Reduce Your Risk with Awareness and Preparedness

Lately, Mother Nature has given us unfortunate reminders that the time to prepare for an emergency or disaster is now. Early into California’s fire season, wildfires have already destroyed homes and taken lives. Just this week almost two years to the date of the 2014 Napa earthquake, we saw a deadly 6.2 magnitude earthquake hit Italy which has no doubt left Californians wondering if we are next.

While we cannot control what Mother Nature has in store, we can control how we prepare for it. A key to preparing for the next disaster is to be aware of what you may be at risk for. Do you live in an area that is prone to earthquakes? Is your home at risk for wildfire? Are you living in a flood zone? If you are unsure what risks you may be exposed to, you can use the MyHazards tool which is designed for the general public to discover hazards in their area (earthquake, flood, fire, and tsunami) and learn steps to reduce personal risk. To see which hazards you may be vulnerable to, click here.

Once you are aware of your potential risks, the next step to take is to prepare. While the way to prepare will differ based on your risks, here are some simple steps anyone can take before the next disaster strikes:

10 Ways You Can Prepare

  1. Identify Your Risk
  2. Create a Family Disaster Plan
  3. Practice Your Disaster Plan
  4. Build a Disaster Supply Kit for Your Home
  5. Prepare Your Children
  6. Don’t Forget Those with Special Needs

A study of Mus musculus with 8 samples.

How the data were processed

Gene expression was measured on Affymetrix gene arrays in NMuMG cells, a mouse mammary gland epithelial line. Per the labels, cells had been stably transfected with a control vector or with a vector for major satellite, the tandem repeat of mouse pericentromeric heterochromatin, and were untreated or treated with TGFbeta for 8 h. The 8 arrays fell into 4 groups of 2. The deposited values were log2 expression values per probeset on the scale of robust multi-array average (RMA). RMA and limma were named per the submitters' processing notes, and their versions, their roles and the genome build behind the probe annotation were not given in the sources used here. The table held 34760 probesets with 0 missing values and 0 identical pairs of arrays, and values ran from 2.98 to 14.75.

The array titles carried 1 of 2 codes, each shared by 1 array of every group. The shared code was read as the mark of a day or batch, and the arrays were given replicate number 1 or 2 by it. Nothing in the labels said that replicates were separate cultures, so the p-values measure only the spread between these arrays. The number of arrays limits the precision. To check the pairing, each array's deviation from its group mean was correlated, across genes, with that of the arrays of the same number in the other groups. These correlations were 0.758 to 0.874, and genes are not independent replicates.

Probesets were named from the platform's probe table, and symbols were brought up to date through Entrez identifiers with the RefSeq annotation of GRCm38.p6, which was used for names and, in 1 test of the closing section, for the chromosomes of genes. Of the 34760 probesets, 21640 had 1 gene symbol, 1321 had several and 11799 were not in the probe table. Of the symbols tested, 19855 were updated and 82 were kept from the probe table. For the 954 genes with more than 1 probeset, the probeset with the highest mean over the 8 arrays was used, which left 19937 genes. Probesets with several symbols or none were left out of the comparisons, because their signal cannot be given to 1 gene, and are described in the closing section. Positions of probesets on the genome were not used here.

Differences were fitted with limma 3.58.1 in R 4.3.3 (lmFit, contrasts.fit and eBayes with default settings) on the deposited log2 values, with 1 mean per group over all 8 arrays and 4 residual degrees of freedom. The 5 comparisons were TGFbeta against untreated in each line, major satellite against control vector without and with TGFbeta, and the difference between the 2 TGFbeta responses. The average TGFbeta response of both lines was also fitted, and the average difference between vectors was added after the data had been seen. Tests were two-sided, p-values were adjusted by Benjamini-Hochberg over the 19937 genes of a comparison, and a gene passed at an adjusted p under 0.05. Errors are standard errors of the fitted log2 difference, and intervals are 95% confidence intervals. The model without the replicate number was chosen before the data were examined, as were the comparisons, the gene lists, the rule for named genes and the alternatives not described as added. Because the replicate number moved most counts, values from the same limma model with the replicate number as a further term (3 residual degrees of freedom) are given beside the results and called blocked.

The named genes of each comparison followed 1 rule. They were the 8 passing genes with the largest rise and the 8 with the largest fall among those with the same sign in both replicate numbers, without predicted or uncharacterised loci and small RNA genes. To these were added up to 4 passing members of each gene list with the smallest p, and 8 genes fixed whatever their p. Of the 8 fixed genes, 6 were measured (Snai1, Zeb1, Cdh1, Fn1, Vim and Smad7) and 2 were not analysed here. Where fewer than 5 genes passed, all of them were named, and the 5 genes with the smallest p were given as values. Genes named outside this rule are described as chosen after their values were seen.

7. Learn CPR and First Aid
  8. Eliminate Hazards in Your Home and the Workplace
  9. Understand Post-9/11 Risks
  10. Get Involved, Volunteer!

Informative video on disaster preparedness from  

For more tips, tricks, brochures and videos to help you learn what you can do to ensure you are ready for what Mother Nature has in store, visit You can also come out to the annual California Day of Preparedness on August 27th in Old Sacramento to learn preparedness hands-on and see public safety and first responders in action.



Monica is an Information Officer for the California Governor's Office of Emergency Services (Cal OES). She has been involved in the Aliso Canyon Gas Leak, Valley Fire, Butte Fire, historic drought, Oroville Dam Emergency Spillway Incident, 2017 winter storms, North Bay Fires, Camp Fire, Ridgecrest Earthquake, 2020 Puerto Rico earthquake EMAC PIO, 2020 fire siege and the COVID-19 pandemic. She previously served Cal OES as an analyst in the executive, international affairs and technology offices.